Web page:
We have recently suffered a crash on one of our Cat 6509's, using a Sup720 / MSFC3 with PFC 3B.
The result of "show ver" states that the "System restarted by processor memory parity error at PC 0x601799C4".
The following document clearly states that this is a possible fault with the system DRAM:
Yet our service partner that holds our maintenance contract simply recommended that we "upgrade to the latest safe harbour relase".
On looking at the safe harour release I have found it to be a little unreliable.
The recommended release in our current SXF train is 12.2(18)SXF13. Yet when I click on this in the tool informs me that there are a number of software defects for the version!!
Why is this a safe harbour release if it has defects ? I appreciate that they aren't major defects, but a bug is still a bug that can cause issues. Trying to explain this to a non techy who manages change in our organisation is impossible. You can just imagine the conversation, " we are upgrading the latest safe harbour release recommendation from cisco, oh, but it does have some bugs", reply "er, then why are we using this release?"...
Please forgive my cynicism, but this hardly provides piece of mind when high availability is of the upmost importance, and simply bringing down a switch to perform a software upgrade is a major issue and isnt something we like to do regularly.
Should I just skip this train and move right onto 12.2(33)SXH4 which is another recommended safe harbour release but doesnt "yet" seem to have any defects. However I have been down this road before only to find defects emerge in the train at a later date.
I would greatly appreciate any response that Cisco might have on this one.
Parity errors in general are unavoidable in our environment.
The problem with a parity error isn't one of software. All electronics are vulnerable to parity errors. The difference is how these errors are dealt with. The problem is the value read from a location in memory is detected to not be the same value as what was placed into the memory.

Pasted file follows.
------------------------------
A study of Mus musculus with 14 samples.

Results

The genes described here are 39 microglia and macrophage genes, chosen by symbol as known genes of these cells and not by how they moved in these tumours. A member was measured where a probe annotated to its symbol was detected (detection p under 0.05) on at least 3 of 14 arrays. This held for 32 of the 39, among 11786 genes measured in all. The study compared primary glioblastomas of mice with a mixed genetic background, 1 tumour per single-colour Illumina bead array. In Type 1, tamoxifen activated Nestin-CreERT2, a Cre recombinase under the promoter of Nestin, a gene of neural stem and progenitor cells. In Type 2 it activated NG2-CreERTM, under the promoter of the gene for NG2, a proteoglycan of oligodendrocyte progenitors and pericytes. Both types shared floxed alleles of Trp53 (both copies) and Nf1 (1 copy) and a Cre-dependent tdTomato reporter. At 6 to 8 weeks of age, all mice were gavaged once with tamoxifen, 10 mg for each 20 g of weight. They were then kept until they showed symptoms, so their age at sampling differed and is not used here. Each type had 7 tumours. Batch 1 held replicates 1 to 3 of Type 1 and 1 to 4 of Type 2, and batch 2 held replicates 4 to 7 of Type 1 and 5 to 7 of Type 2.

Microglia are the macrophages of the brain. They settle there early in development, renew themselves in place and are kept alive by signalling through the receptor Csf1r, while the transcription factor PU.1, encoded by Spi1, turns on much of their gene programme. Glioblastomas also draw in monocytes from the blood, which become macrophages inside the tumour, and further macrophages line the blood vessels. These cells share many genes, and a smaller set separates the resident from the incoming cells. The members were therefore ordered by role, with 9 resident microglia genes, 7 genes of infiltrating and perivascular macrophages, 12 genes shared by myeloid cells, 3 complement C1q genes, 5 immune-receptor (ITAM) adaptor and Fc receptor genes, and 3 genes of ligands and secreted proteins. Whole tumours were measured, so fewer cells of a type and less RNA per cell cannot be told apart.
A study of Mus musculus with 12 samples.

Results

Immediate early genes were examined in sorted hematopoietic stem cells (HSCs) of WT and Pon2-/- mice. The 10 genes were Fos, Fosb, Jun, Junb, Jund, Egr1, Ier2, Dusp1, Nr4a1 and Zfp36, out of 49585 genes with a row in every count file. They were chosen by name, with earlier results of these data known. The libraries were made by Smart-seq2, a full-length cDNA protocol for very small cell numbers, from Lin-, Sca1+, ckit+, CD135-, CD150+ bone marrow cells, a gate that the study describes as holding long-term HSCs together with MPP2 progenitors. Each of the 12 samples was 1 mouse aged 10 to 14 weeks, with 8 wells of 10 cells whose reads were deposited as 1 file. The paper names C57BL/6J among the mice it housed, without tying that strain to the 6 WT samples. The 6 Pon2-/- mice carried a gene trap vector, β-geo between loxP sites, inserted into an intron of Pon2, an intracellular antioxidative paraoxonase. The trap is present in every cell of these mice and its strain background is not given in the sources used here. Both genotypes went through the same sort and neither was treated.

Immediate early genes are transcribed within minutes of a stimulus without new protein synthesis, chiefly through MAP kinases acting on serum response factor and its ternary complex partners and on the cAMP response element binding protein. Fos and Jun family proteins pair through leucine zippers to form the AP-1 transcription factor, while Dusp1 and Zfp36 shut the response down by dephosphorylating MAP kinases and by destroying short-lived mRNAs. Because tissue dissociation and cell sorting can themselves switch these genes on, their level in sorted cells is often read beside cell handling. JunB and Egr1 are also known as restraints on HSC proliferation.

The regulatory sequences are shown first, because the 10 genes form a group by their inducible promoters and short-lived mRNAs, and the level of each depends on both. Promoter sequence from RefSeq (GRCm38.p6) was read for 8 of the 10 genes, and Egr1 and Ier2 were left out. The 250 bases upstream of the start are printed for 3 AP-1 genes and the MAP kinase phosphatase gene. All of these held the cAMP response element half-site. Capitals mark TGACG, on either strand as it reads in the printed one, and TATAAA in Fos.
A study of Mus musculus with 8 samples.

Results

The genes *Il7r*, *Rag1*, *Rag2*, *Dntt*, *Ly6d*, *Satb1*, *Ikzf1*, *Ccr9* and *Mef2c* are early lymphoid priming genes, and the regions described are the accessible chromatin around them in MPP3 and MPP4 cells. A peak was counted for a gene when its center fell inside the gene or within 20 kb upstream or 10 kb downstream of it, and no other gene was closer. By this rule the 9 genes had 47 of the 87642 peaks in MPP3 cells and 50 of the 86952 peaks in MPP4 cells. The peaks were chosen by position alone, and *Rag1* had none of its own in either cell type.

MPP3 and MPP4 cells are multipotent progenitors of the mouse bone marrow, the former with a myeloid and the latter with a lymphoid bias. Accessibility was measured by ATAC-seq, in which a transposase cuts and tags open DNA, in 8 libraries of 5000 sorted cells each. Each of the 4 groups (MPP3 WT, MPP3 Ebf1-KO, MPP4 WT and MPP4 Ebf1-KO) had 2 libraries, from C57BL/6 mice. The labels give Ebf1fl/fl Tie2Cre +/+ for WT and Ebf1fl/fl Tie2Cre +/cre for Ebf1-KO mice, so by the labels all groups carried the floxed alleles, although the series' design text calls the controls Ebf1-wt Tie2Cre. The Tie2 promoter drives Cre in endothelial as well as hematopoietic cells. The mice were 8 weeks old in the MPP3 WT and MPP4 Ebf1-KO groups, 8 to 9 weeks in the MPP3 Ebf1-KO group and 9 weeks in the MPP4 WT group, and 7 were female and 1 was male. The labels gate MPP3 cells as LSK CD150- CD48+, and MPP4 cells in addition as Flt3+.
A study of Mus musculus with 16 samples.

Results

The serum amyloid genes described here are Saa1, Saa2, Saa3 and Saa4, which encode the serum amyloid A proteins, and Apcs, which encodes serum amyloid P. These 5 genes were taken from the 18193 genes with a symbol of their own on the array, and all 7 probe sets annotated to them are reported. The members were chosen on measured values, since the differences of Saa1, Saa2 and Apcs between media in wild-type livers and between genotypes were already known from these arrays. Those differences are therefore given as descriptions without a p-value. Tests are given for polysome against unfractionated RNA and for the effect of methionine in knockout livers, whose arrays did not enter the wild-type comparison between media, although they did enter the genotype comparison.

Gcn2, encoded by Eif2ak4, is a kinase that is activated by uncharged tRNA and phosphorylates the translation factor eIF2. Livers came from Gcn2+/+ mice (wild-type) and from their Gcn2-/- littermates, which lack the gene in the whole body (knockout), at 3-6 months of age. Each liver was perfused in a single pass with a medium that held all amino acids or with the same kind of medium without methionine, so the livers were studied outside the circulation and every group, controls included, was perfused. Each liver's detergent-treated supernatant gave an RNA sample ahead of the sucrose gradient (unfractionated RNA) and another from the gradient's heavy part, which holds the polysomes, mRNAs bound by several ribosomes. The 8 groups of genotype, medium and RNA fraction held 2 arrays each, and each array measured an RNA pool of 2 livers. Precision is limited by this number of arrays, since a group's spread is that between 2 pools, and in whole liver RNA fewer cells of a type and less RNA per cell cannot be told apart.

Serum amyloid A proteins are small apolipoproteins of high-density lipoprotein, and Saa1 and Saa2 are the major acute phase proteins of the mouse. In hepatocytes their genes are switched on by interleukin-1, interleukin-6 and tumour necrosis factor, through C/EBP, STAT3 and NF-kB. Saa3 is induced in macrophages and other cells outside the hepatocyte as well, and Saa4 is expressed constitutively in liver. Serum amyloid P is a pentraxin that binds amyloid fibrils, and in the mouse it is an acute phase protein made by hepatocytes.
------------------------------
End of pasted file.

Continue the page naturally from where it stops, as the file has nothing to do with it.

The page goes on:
The software can choose to continue with this incorrect data. The software can also determine the integrity of the data is critical and needs to take corrective action. Part of the problem lies in what real value was corrupted. With IOS the system crashes because the integrity is critical.
Parity errors aren't a Cisco specific problem. I have seen parity errors on other platforms as well and a search in google will show many examples of this.
If you had opened a TAC case on this and it was assigned to me I would be giving you the same information.
"The powers that be" as you stated before typically are not technical. You could replace some hardware to appease them, but this would not prevent a parity error in the future.
A lot of times people want to do something just to show that something is being done. Monitoring the device is a course of action.
It has been a while since I took any probability courses, but since you asked I believe the probability favors keeping the same device. Say you had two pieces of equipment which had a chance to experience some rare event. Now if one of those two devices experience the event then it would be less likely for the event to happen twice on the same device. The device that had not experienced the event would actually now be more likely to see the event vs the event happening twice on the other device.